Professor and screenwriter Susan Kouguell explains why the first ten pages of a screenplay are so important to an executive's perspective of your overall talent.
You’ve heard the rumors. And I’m here to tell you that these rumors are indeed true.
Yes, the way to win over a film executive is with an attention-grabbing first ten pages. Of course the rest of your screenplay must continue to be as well-crafted and enticing as your first ten pages, but if your reader is not at the edge of his or her seat, wanting to find out what happens next, there is no chance that film industry folks will turn to page eleven.
And here’s why.
Film industry folks are smart. And busy! They have no time to waste. And frankly, why should you waste their time? And yours?
Your script is your calling card. And your script has your name on it. Be proud of the work you have done and put your best words forward. These ten pages are critical in making a lasting impression on the reader.
Film industry folks can glean in a screenplay’s opening pages whether you, the screenwriter is competent, has an understanding of the screenwriting craft, knows how to tell an interesting story with compelling characters and dazzling dialogue, and whether your script and/or you, is a match for their company.
Your script must be engaging beyond the words FADE IN on page one.
Studio and production company executives, producers, directors, story analysts, story editors, agents, managers and script competition judges, are tireless readers. They eagerly plow through their piles of screenplays to discover the next great talent (you) and your screenplay. But what are they demanding in return? They want to be transported to a world that you have created and envision it on the screen. So, how are you going to transport them? Anticipate what goes through their mind as they read the cover page and turn to page one.
These are just some of the thoughts going through the minds of movie executives when they get handed your script: Why should I care about this screenplay?How am I going to sell this?I hate this script already; it’s longer than 120 pages. Is it time to do lunch yet?
Avoid unnecessary obstacles by understanding what these film industry folks are seeking in scripts, and more specifically, in the first ten pages.
Heed the following common complaints I’ve heard from my colleagues over the years:
- There’s nothing exceptional about this script that sets it apart from other projects I’ve read.
- The plot is derivative.
- The opening pages are reading like a novel and not like a screenplay.
- The genre is confusing; it could be a horror, a comedy, a thriller, a drama. I don’t get it.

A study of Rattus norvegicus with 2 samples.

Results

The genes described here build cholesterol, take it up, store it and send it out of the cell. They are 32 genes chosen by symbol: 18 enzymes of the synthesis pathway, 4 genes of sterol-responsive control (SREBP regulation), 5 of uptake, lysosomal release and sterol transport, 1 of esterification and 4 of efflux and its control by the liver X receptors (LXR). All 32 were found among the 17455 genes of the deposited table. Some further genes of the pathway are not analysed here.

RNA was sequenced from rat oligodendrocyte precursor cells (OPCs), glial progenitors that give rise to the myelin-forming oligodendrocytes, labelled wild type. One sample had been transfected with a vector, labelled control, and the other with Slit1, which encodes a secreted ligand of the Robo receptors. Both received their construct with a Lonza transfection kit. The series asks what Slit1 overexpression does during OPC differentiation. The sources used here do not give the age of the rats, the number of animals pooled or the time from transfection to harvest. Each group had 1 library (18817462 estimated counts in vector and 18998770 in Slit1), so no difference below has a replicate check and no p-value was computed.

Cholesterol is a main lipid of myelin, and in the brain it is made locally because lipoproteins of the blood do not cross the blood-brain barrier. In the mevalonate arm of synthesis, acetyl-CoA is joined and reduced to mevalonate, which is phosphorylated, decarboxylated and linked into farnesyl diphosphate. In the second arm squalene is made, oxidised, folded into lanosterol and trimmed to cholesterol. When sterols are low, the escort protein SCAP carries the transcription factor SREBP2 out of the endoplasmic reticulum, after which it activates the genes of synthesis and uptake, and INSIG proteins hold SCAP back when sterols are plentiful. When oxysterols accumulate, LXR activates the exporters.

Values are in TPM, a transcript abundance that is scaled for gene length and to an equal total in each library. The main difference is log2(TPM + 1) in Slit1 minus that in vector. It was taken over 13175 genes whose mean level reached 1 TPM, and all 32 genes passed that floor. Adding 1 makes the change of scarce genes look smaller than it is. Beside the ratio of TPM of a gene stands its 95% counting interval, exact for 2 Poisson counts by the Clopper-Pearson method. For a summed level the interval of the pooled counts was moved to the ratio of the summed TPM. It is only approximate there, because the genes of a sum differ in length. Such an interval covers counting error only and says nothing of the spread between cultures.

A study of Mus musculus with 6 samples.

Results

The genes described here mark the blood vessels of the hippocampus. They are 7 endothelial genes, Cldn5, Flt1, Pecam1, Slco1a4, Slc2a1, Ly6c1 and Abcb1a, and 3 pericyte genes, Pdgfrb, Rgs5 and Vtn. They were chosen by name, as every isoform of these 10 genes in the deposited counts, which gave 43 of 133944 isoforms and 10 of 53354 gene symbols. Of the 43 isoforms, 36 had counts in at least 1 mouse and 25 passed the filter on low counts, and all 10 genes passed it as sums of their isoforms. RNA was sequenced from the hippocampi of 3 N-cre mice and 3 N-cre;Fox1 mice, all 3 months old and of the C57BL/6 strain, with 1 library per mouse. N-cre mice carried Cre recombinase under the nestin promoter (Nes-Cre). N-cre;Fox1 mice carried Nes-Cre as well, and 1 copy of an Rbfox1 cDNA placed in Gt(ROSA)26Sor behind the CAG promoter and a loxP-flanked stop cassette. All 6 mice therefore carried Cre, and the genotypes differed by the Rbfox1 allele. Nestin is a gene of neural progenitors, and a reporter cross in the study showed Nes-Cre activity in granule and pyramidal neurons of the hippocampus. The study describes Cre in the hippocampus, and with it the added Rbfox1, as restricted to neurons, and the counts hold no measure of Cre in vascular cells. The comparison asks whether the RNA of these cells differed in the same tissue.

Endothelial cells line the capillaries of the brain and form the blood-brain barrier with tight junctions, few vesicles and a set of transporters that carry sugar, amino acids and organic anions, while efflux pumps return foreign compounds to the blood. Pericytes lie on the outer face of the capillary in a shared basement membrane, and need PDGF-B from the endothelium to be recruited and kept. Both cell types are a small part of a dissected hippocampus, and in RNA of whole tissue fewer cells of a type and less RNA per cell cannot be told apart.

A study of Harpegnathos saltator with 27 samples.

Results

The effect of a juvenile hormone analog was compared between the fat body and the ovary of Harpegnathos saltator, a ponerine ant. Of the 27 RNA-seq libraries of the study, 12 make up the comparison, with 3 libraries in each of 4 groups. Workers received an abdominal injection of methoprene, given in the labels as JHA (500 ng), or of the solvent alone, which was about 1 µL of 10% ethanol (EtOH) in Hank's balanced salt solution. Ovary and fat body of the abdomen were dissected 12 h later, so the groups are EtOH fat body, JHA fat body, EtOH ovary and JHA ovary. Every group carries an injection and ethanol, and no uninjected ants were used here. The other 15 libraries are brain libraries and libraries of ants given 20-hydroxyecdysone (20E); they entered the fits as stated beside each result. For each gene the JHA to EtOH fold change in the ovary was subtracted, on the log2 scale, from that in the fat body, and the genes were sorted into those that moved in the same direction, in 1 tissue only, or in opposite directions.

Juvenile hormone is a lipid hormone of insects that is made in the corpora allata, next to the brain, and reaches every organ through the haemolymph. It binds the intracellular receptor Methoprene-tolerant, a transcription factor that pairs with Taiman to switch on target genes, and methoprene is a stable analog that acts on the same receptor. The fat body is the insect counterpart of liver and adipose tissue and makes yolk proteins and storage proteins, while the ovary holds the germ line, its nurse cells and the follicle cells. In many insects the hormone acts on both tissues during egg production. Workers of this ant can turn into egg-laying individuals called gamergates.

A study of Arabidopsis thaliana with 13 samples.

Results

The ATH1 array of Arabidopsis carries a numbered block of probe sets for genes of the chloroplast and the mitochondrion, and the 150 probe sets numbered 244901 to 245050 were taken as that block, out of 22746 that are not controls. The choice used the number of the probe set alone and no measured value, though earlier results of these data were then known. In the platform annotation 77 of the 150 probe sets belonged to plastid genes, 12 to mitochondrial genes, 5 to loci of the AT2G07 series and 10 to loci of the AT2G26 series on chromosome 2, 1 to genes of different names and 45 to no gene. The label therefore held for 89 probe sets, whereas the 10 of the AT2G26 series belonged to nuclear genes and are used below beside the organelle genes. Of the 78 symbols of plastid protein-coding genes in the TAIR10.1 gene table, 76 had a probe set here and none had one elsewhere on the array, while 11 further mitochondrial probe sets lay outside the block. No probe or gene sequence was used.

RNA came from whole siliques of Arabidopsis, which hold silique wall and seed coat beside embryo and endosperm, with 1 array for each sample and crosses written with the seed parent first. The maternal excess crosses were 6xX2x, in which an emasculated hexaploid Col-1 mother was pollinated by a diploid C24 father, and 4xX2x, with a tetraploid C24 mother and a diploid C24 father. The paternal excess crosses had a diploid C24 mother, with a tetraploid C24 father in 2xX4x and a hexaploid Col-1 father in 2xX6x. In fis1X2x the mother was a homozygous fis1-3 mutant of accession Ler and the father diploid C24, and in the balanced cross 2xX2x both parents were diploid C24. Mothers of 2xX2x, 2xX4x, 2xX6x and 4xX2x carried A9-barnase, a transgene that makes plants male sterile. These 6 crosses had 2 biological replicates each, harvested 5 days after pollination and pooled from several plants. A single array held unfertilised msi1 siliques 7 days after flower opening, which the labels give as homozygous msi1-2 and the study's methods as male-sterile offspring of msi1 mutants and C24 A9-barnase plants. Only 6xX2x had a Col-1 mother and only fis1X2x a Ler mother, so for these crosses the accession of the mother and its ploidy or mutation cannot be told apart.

- I had no idea who the main character was or where the story was going, and after a few pages I no longer cared.
- The characters are not identifiable or empathetic.
- The characters are interchangeable.
- There are many sloppy mistakes throughout the first few pages, not only typos and formatting errors, but the writer mixed up some of the characters’ names.
- I didn’t know if the story was set in present day or in the future.
- All the characters’ dialogue sounded the same.
- The scene headings are unclear.
- The action paragraphs are too dense and are describing what the characters are thinking.
- The antagonists are not multi-dimensional.
- The pacing is slow.
- There is no sense of visual storytelling.
- This writer definitely submitted this project before it was ready to be seen. It’s rushed, confusing, and sloppy.
Your script is one of many -- maybe tens, or even hundreds of screenplays -- that will arrive on movie company desks and email inboxes weekly, if not daily. To get your script read and even considered for production or representation is tough -- and that’s an understatement.
Top Tips to Make Executives Love Your Script
- Demonstrate that you understand what your story is about (and that you haven’t thrown in the kitchen sink filled with many ideas that don’t add up to one interesting plot) and convey it with clarity and imagination.
- Write a gripping plot that despite the genre will be plausible and engaging.
- Create characters with whom a reader can empathize. (Empathy does not mean sympathy; it means that the reader must care what happens to your characters, whether your character is the hero or the villain.)
- Dazzle them with great dialogue. The words that flow from your characters’ mouths must ring true; they must sound distinct and believable.
- Write action paragraphs that are concise and are as interesting a read as your dialogue.
- Give careful attention to clear visual storytelling.
- Make it a page-turner without sacrificing your story.
- Attention to good pacing and a solid structure are essential to a successful script.
- Clear and consistent genre. Readers don’t want to spend time guessing whether your intention was a comedy or drama.
- Incorrect industry standard formatting and typos shows you are an amateur and are not respecting the reader’s time with these types of sloppy errors.
Making an executive love your script is all about first impressions and lasting impressions. Give your screenplay the attention it deserves. And never forget the rumors.